Vulture Attacks on Horses Reported in the Pyrenees

Allegedly lacking an adequate supply of carcasses, vultures in the Pyrenees mountains of France and Spain have been blamed for attacks on newborn foals and other livestock, according to several French news sources, including Le Nouvel Observateur.

With 33 recorded vulture attacks of live animals in the French Atlantic-Pyrenees region in 2008, where an observation system has been organized, the situation has reached a "preoccupying" level of concern, according to Le Nouvel Observateur's source, Didier Hervé, director of the Institution Patrimoniale du Haut-Béarn (IPHB, Patrimonial Institution of the Haut-Béarn region, France).

It has been speculated that the raptors have been driven to kill in recent years as their main food source has been reduced due to new disposal methods at area slaughterhouses.

Attacking pigs, cows, and horses, the vultures have frequently been seen targeting "animals in difficulty," such as those suffering from disease, females giving birth, and the newborn young, according to, a Web site which supports bird zoology.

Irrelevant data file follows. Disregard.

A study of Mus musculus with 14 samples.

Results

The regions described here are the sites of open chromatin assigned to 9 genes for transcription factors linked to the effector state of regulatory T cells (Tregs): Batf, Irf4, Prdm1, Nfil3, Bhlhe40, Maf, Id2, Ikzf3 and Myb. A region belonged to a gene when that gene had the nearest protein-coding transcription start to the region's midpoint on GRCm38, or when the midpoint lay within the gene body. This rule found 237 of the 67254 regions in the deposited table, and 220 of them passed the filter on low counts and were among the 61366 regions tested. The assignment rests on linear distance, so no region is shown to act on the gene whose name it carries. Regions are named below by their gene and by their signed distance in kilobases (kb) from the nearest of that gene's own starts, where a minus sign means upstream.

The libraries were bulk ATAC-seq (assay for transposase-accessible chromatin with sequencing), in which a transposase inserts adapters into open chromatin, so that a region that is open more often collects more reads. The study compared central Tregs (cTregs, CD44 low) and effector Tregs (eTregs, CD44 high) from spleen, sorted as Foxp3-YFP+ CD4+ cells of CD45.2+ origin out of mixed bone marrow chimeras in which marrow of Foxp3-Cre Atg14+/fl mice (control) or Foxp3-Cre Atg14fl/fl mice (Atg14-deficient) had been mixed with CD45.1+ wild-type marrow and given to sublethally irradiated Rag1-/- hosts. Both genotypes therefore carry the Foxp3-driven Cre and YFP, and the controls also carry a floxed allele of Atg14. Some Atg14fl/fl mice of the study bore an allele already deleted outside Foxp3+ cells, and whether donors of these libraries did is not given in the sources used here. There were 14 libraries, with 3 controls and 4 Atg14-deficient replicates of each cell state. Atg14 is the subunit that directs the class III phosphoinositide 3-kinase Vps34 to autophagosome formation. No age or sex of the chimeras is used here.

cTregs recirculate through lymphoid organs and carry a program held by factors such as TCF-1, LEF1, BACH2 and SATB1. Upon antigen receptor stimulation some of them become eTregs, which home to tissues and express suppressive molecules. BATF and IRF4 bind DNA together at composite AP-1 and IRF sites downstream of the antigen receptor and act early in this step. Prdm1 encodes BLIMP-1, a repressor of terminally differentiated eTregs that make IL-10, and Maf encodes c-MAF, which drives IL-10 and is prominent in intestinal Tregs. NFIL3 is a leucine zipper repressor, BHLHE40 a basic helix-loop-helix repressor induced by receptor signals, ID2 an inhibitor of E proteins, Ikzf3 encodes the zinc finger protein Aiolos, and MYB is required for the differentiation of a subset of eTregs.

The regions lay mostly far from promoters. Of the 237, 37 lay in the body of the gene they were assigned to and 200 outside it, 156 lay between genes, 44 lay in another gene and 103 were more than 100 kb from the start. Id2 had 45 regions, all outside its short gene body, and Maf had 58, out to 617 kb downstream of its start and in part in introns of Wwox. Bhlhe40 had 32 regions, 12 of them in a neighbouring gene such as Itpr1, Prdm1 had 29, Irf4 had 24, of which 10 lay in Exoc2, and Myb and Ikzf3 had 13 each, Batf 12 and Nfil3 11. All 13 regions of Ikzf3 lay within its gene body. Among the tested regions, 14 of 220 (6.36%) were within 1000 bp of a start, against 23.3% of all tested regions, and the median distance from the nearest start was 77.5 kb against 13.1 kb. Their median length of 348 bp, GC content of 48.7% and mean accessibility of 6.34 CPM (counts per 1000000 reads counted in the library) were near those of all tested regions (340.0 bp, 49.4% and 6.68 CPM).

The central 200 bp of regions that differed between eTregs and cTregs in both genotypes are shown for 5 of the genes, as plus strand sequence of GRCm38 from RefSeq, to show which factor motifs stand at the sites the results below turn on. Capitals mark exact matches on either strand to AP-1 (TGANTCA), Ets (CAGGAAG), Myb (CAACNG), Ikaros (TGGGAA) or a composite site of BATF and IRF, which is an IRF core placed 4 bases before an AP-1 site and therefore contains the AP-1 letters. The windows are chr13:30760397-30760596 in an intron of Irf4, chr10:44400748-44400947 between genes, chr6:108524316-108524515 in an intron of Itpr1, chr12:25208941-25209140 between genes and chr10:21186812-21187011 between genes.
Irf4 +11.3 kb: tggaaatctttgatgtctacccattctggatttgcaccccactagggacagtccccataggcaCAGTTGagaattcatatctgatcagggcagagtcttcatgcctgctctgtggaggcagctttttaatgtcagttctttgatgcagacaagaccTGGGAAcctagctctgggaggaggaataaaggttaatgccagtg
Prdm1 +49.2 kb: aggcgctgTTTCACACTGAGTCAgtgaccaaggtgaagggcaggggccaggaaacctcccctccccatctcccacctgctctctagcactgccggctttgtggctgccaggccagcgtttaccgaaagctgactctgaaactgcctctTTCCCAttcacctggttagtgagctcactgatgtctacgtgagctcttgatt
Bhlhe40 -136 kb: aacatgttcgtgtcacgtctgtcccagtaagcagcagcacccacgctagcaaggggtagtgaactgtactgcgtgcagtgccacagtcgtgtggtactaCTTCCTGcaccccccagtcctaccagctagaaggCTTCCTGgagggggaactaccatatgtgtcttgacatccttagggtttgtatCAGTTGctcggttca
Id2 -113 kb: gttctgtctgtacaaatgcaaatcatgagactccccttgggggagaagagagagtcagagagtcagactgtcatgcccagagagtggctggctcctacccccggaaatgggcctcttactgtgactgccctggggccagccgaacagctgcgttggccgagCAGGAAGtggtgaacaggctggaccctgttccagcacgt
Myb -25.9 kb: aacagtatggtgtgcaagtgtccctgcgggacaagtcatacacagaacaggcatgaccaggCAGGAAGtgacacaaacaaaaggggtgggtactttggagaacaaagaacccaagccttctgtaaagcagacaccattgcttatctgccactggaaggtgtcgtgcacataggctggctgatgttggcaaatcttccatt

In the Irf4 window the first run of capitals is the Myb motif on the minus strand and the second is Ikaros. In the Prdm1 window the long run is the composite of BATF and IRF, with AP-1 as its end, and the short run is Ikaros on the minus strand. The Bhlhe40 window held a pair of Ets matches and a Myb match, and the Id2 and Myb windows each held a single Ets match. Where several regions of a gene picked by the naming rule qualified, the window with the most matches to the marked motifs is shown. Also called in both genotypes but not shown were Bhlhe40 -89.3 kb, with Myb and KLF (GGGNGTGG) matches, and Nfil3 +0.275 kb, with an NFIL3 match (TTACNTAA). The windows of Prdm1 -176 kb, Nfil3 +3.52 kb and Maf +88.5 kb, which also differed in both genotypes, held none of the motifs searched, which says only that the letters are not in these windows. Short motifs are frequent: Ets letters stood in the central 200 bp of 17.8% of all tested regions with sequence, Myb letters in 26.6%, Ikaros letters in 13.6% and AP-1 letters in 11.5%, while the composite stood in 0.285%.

Vultures are carrion-eating scavengers which normally feed exclusively on the carcasses of dead animals. A protected species in France, an estimated 500 vulture couples reside in the Atlantic-Pyrenees, according to the IPHB.

About the Author

Christa Lesté-Lasserre, MA

Christa Lesté-Lasserre is a freelance writer based in France. A native of Dallas, Texas, Lesté-Lasserre grew up riding Quarter Horses, Appaloosas, and Shetland Ponies. She holds a master’s degree in English, specializing in creative writing, from the University of Mississippi in Oxford and earned a bachelor's in journalism and creative writing with a minor in sciences from Baylor University in Waco, Texas. She currently keeps her two Trakehners at home near Paris. Follow Lesté-Lasserre on Twitter @christalestelas.